Paying attention to signs is so relevant to everyday life. It’s easy for me to say that because on a spiritual level, I’m in tune with my body and physically, I am an able-bodied person who has the literal ability to see.
I recently attended a meet-up catered to freelancers in Baltimore, and one of the people I met was a graphic designer who’s work can be found in children’s museums across the Mid-Atlantic and Northeast regions of the U.S. Up until that event, I never even thought about who actually created these types of directional signs, but ever since our conversation, I’ve been noticing how signs are (or aren’t) placed.
Today, while taking the metro to the city, a blind man entered the train. As he sat down, he used his cane to navigate which seats were empty, and began to tilt his head forward and towards the doors so he could hear where the next stop would be. I watched as he tried to figure out when his stop would be, by assuming he either was counting the stops in his head, or was waiting to listen for the announcement over the intercom system…which never came.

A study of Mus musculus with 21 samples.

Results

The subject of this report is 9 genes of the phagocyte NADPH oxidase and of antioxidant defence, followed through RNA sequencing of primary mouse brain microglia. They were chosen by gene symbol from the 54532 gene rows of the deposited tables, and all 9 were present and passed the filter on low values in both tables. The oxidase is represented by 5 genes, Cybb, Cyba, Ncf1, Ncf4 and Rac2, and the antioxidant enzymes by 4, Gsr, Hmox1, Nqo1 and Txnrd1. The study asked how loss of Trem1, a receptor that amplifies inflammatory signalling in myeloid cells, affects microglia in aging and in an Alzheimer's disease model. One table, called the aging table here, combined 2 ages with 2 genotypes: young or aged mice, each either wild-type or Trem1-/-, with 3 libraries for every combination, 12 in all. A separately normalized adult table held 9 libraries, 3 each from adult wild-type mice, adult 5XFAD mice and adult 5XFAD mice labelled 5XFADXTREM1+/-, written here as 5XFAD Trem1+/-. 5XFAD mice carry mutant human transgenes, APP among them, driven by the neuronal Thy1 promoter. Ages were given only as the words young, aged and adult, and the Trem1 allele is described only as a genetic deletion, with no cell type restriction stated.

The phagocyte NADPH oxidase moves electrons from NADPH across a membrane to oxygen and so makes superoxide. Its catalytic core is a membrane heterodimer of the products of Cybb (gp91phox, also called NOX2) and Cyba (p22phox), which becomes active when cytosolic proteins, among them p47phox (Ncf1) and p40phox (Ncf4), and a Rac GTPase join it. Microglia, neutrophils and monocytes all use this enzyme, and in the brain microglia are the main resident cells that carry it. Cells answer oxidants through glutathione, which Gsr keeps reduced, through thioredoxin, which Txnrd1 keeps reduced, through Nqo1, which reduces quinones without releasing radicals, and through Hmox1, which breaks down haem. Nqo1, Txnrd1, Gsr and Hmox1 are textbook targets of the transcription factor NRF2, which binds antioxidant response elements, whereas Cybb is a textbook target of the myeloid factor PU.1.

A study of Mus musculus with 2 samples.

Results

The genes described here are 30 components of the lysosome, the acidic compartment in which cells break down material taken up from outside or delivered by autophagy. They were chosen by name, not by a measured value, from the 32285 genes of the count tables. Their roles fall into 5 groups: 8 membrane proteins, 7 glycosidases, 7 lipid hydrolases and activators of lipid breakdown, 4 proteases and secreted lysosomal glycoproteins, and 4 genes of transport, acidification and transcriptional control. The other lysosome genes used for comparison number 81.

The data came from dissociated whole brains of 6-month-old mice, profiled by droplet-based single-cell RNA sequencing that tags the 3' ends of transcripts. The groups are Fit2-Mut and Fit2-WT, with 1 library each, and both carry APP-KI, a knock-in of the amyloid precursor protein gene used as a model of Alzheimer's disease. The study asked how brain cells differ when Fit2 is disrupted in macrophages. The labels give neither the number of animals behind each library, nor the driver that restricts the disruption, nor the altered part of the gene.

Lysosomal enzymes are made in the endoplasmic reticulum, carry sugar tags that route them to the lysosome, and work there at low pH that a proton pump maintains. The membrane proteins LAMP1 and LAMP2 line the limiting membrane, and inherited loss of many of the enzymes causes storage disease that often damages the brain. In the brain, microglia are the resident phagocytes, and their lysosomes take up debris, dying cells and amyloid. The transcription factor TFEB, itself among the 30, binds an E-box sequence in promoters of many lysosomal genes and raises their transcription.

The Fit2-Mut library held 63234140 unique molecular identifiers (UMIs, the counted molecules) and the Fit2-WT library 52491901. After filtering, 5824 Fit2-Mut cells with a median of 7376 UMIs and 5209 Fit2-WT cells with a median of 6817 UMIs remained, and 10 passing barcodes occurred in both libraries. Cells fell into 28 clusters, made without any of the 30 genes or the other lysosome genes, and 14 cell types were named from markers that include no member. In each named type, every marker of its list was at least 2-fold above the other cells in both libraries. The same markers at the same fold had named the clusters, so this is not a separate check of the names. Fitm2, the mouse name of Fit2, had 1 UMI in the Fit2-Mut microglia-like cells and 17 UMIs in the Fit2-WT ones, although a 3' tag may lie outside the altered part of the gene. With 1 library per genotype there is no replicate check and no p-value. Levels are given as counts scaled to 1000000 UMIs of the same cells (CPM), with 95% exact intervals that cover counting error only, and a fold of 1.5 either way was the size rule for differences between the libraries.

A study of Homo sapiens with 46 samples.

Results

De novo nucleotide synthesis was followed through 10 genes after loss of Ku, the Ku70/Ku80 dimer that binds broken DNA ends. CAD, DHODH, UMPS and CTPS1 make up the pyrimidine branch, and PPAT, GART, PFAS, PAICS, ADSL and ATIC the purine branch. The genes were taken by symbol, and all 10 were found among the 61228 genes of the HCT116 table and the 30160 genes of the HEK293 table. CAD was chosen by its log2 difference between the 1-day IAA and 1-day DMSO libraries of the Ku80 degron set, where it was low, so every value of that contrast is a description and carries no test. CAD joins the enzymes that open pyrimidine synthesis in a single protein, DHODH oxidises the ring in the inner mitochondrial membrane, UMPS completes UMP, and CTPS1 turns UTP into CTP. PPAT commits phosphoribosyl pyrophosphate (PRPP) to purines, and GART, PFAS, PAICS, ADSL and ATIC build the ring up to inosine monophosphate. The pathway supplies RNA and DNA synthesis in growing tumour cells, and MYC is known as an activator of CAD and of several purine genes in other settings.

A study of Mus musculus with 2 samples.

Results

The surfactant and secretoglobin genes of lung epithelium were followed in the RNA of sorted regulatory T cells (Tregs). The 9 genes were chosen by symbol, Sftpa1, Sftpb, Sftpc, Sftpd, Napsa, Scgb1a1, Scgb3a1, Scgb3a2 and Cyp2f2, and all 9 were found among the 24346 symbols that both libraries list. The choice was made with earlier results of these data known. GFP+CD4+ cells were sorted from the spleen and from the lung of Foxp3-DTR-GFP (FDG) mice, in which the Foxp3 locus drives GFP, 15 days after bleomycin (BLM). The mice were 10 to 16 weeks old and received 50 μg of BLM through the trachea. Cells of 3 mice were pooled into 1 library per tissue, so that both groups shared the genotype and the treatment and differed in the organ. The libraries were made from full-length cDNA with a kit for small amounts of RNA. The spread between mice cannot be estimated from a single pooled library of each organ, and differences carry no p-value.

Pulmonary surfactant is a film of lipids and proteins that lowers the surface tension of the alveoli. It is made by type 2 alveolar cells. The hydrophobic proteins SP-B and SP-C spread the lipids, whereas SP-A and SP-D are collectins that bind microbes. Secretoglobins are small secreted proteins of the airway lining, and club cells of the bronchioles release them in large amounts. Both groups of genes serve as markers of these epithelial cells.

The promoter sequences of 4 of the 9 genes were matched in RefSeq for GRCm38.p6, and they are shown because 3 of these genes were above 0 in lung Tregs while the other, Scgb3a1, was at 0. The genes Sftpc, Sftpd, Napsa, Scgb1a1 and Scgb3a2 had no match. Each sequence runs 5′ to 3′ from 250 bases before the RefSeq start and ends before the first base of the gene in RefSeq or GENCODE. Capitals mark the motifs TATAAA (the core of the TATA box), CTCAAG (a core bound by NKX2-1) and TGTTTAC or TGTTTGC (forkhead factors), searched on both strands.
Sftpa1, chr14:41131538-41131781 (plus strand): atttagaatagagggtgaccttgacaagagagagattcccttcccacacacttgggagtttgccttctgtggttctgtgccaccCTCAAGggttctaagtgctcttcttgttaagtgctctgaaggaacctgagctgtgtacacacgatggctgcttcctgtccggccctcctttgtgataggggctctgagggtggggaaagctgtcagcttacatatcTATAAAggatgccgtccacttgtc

Up until that point, I never noticed that the 15 minutes prior to him stepping on the train, the conductor never made an announcement to let us know which stop we were at or which stop was coming next. I got emotional and frustrated at the same time while being empathetic to the man in front of me. If the particular car we were on was empty, would he have even been able to get to his destination? Why wasn’t there an automated announcement telling us which stop we were approaching? Why is this [metro] system so broken?
I thought about why I cared so much – maybe it’s because I’m so immersed in being in spaces that are inclusive, I’m more sensitive to those who haven’t had a voice. I thought about the irony of how disconnected the transportation system is in Baltimore to the people who actually need the service, and I thought about how can I help.
The man stood up from his seat, moved his cane around and asked “which stop is this?” in which I replied, and he left nodding, right in my direction.